I have been trying to some research on the historical roots of vegetarianism in yogic science (ayuervedic too). I came across this:
My basic question is to find if there was a class warfare motivation for creating an ethic for vegetarianism and also equating it to a spiritual path.
For instance the article above, notes that the earliest vedic culture, Aryans, were meat eaters...and the Braman priestly class (highest in the class-caste system) started out eating the meat that was associated with the ritual sacrafices. ...so the lower castes brought their meat to appease the gods, and the highest caste ate the meat. This seemed to change over time though.
Anyway, if anyone has some research or references (more than their opinion), I'd appreciate it.
asked byJustin_2 (227)
at 03:50 PM
FYI, not all Hindus are vegetarian. The shaktas still eat meat, and they do animal sacrifice as well. Don't equate Shaivite and Vishnaivite religion with all of Hinduism. They're only the two largest branches.
On the other paw, despite the apparent emphasis of male-female balance in tantric yoga, and the worship of goddesses generally, India is still fairly patriarchal. So the shaktas are looked upon with more than a little suspicion, I think, based on what I've read.
on March 01, 2011
at 02:22 PM
I think this is a totally legitimate question, since it asks the question of why the most ancient, most populous vegetarian culture in the world adopted that particular diet. The combination of a vegetarian diet with the use of dairy products and the prohibition to kill the cows could have been a smart answer to feed an overpopulated country, since you can raise much more food in vegetable rather than meat form for a given land surface. I do not know if in the distant past that had anything to do with class (caste) differences but currently Brahmin people are usually very strict with their lacto-vegetarian diet.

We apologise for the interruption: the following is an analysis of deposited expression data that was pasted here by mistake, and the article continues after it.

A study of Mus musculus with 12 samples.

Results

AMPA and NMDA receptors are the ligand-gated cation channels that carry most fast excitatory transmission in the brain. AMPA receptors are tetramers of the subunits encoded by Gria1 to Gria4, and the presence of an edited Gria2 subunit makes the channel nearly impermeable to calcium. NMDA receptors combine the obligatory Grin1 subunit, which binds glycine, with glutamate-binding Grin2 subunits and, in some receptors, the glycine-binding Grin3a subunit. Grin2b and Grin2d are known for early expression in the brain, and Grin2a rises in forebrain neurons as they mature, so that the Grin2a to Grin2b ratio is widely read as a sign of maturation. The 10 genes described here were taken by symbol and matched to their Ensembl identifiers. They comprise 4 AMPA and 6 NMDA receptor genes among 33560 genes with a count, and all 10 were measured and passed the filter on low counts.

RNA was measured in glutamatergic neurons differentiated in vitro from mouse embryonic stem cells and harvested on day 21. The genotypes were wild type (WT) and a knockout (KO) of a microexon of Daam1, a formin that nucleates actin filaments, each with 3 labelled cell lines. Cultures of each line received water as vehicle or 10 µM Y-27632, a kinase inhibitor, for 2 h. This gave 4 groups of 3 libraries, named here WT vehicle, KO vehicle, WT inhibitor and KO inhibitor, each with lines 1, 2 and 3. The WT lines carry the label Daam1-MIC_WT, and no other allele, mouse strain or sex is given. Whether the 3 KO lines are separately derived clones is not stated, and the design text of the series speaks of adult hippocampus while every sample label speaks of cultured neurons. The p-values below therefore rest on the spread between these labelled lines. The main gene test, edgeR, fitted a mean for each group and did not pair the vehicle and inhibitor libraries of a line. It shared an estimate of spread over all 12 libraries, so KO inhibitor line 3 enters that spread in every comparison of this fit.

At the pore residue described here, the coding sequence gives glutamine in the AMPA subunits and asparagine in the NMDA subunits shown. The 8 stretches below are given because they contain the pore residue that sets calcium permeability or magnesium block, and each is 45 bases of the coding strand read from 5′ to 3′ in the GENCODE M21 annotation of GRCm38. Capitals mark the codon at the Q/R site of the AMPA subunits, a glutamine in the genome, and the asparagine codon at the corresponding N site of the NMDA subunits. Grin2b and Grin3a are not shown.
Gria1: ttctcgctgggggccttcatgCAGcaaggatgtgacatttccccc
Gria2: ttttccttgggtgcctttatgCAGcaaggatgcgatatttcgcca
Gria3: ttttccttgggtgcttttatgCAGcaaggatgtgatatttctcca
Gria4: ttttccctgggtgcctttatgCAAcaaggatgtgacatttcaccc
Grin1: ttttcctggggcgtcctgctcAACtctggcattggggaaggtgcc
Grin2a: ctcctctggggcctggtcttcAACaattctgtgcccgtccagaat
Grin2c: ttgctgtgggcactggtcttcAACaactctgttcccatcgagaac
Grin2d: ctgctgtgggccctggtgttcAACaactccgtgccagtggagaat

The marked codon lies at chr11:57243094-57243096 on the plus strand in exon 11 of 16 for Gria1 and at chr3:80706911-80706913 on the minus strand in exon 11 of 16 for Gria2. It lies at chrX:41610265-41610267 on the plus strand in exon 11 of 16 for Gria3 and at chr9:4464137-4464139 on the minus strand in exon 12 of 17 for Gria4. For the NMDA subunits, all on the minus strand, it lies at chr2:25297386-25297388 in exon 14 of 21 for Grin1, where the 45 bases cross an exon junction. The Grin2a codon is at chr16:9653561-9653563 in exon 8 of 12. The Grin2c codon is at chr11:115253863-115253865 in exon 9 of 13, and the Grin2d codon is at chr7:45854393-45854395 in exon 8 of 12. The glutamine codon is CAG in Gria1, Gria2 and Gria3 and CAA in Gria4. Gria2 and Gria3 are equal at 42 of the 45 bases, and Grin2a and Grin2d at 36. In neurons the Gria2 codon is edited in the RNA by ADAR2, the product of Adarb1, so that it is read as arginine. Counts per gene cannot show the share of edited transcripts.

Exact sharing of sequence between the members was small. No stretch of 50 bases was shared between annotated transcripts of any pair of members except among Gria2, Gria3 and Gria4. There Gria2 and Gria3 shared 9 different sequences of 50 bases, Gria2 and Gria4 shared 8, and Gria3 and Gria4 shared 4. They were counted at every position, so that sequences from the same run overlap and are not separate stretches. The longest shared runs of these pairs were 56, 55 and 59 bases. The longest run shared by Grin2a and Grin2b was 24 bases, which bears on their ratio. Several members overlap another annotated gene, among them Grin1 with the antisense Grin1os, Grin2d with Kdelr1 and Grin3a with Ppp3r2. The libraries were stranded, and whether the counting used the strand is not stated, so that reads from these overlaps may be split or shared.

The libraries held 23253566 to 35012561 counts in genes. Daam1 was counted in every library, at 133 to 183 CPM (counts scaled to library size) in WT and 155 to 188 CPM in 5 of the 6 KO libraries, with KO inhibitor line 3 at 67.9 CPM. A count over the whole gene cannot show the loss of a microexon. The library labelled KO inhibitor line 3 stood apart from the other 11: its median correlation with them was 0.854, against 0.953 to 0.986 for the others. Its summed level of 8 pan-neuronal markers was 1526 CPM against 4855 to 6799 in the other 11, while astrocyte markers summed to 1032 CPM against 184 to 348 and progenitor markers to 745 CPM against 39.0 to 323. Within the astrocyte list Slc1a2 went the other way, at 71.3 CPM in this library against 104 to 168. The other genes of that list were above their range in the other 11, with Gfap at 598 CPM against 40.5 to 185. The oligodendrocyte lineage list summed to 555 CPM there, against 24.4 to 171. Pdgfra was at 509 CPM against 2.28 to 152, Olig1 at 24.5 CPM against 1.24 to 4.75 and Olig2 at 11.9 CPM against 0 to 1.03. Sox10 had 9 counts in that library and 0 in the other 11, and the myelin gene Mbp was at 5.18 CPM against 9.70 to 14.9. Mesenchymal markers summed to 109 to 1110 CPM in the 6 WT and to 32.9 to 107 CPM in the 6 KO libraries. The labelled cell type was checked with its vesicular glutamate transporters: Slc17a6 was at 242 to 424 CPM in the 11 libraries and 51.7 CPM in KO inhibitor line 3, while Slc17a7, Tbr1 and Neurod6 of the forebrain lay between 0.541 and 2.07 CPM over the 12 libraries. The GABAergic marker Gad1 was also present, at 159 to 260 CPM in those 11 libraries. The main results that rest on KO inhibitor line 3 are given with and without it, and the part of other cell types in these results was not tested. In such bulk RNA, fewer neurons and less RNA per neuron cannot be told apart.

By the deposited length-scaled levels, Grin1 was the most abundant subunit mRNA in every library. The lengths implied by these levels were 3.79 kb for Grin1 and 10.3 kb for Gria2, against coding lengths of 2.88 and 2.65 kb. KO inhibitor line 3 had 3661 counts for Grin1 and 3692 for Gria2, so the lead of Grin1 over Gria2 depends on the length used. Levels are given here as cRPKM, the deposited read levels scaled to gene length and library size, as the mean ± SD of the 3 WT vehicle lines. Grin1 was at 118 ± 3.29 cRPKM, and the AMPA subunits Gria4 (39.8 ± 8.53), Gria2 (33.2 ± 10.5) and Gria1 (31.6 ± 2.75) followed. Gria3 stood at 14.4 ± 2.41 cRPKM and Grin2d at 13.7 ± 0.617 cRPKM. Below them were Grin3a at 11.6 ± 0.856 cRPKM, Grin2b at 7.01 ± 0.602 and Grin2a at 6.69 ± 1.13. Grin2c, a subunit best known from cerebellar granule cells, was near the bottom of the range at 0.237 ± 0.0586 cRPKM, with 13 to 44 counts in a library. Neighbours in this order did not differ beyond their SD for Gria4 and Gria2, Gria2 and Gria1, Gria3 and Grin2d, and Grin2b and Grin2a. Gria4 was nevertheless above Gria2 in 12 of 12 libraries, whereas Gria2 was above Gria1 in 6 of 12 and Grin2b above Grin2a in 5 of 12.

on March 02, 2011
at 04:11 PM
Sorry no historical references :) But from my own experience with Vaishnavism and following the lacto-vegetarian diet for religious purposes I can attest that in my case it did induce a very altered state of consciousness, one that I was easily able to interpret as a spiritual experience. I tried the diet several times for spiritual reasons, and then several times without engaging in any religious or spiritual activities, and in all cases my consciousness changed in a similar way, so I'm pretty sure it was the diet that made me feel the way I did, not the religious rituals I was participating in. What I figured was that religious folks noticed that cutting out certain foods resulted in a different state of mind, and ended up interpreting that in a religious way, and incorporating that interpretation into their belief system.